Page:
Power and Sexual Misconduct

Power and Sexual Misconduct

Today the media is filled with pundits talking about sexual misconduct. Examples drawn from Capitol Hill include Roy Moore (Senate candidate from Alabama), Al Franken (Senator from Minnesota), past Presidents Bill Clinton and George H. W. Bush, and current President Donald Trump. Former Congressman Anthony Weiner recently started a 21-month prison sentence for sexting with a minor. We also watched Fox News terminate CEO Roger Ailes and political commentator Bill O’Reilly for their sexual misbehavior. Hollywood finally stopped legendary producer Harvey Weinstein who proclaimed that he “needs help” for a sexual addiction, hoping the public will accept this explanation of years of abhorrent treatment of women whose careers he could, and did, affect. In athletics, we heard Olympic gymnast and gold medalist Aly Raisman report about the years of sexual abuse she suffered at the hands of the team physician Larry Nassar.

These are sensational and heartbreaking stories, but they are only the tip of the iceberg, and many women are now speaking out about sexual harassment, sexual abuse, sexual intimidation, and sexual discrimination by men in positions of power. Such a large group coming forward gives us hope that change—positive and permanent cultural change—is actually beginning, that it can actually happen.

Yet, each generation of women can recall stories (think Anita Hill and Supreme Court Justice nominee Clarence Thomas in the 90s or Senator Ted Kennedy and his brother’s secretary Mary Jo Kopechne in the late 60s) that were temporarily sensational and personally destructive, but that ultimately went nowhere. They quickly faded into the media background and to the backgrounds of our minds, their demise orchestrated and overshadowed by men who wielded power.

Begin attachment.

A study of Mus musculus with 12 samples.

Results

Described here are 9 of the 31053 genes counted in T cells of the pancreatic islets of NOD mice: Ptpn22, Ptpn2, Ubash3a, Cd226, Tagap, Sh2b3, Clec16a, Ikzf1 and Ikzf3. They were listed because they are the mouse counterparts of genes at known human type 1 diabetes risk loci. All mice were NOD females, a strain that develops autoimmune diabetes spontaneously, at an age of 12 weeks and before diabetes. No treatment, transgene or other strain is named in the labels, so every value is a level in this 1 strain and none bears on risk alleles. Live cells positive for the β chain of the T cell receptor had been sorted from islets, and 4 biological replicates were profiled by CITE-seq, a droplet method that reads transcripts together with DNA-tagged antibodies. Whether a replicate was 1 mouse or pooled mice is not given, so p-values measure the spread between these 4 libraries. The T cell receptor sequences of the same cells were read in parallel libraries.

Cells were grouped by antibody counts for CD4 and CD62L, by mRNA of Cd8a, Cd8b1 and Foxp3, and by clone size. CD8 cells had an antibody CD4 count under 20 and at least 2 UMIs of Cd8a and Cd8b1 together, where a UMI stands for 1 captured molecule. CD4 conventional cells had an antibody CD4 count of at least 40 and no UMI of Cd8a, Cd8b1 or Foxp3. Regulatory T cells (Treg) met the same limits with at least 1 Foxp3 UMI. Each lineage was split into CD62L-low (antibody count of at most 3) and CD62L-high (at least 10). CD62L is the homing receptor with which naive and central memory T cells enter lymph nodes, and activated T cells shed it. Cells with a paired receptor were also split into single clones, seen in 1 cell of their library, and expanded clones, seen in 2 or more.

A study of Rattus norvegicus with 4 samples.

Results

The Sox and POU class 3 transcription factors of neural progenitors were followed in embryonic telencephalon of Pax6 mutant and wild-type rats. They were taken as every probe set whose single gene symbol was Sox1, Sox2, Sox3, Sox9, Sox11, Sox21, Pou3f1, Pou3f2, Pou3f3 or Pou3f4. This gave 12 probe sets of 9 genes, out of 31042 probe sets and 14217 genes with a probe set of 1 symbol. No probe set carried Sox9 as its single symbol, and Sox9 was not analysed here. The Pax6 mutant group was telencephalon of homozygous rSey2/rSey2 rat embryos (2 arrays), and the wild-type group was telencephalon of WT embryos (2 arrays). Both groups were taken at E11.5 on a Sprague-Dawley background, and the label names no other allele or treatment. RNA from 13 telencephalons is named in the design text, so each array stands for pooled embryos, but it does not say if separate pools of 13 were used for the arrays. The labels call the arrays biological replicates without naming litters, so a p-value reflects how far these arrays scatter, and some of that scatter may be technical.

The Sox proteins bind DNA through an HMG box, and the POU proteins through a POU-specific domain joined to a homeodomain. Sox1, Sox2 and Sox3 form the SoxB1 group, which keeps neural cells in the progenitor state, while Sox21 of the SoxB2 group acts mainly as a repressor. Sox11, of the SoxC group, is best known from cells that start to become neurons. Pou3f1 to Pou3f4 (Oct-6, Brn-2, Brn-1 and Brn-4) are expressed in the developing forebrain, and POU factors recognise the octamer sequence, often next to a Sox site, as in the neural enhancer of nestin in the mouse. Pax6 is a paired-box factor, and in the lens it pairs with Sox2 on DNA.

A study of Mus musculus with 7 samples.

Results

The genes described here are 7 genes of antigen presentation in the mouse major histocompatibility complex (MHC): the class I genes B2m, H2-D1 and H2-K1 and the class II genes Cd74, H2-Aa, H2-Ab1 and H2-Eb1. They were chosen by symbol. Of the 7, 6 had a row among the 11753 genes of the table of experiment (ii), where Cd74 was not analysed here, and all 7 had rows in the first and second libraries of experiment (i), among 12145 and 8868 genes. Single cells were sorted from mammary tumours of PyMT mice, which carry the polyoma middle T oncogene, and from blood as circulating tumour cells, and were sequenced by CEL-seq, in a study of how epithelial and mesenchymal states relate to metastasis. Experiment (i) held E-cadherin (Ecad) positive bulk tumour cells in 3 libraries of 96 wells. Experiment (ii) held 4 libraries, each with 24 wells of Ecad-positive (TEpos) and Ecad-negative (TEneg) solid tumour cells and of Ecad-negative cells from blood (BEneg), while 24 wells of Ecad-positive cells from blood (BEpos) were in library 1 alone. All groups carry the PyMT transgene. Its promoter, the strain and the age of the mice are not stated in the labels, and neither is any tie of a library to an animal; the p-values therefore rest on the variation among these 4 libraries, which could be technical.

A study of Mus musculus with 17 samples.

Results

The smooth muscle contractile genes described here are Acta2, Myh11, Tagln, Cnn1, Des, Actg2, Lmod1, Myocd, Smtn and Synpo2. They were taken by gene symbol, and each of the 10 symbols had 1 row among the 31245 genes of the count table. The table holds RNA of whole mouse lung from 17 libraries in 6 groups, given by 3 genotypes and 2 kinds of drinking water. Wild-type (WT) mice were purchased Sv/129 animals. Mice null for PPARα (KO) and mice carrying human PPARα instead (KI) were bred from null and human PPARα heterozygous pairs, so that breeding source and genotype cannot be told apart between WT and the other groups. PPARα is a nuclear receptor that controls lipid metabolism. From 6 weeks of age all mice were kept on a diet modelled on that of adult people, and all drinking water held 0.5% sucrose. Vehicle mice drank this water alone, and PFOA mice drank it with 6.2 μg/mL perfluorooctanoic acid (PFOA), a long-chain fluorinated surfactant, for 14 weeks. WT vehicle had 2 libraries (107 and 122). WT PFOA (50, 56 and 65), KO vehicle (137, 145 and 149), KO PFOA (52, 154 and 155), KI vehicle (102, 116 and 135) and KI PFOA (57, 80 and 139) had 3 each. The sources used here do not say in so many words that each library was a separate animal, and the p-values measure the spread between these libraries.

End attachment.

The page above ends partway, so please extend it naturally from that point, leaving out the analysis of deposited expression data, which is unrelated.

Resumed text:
Will this time be any different? Do we finally have enough women in the national legislature, in elected positions of all levels, in print and online media, in corporations that purchase advertising, and in leadership positions to insist on cultural change? Is there finally a critical mass of women speaking out so that sexual misconduct can no longer be hidden and will no longer be tolerated by our society?

As in the past, women are the ones being challenged to stop the perpetrators. Women are always admonished to rise up and take a stand at the voting booth, in the workplace, on university campuses, and in our communities. This has been the repeated refrain over the years, and, as women, we acknowledge our responsibility.

But, perhaps, instead of just women, it will be the millennial generation of women and men who, together, will bring about what has eluded previous generations. Will they say, “Enough!” and work to stop sexual assault and harassment. Will they require fairness and equal opportunity regardless of sex or gender or power differentials? Or, will the world simply turn on its axis and the next generation will face the same challenges as today and in the past? My money is on the millennials.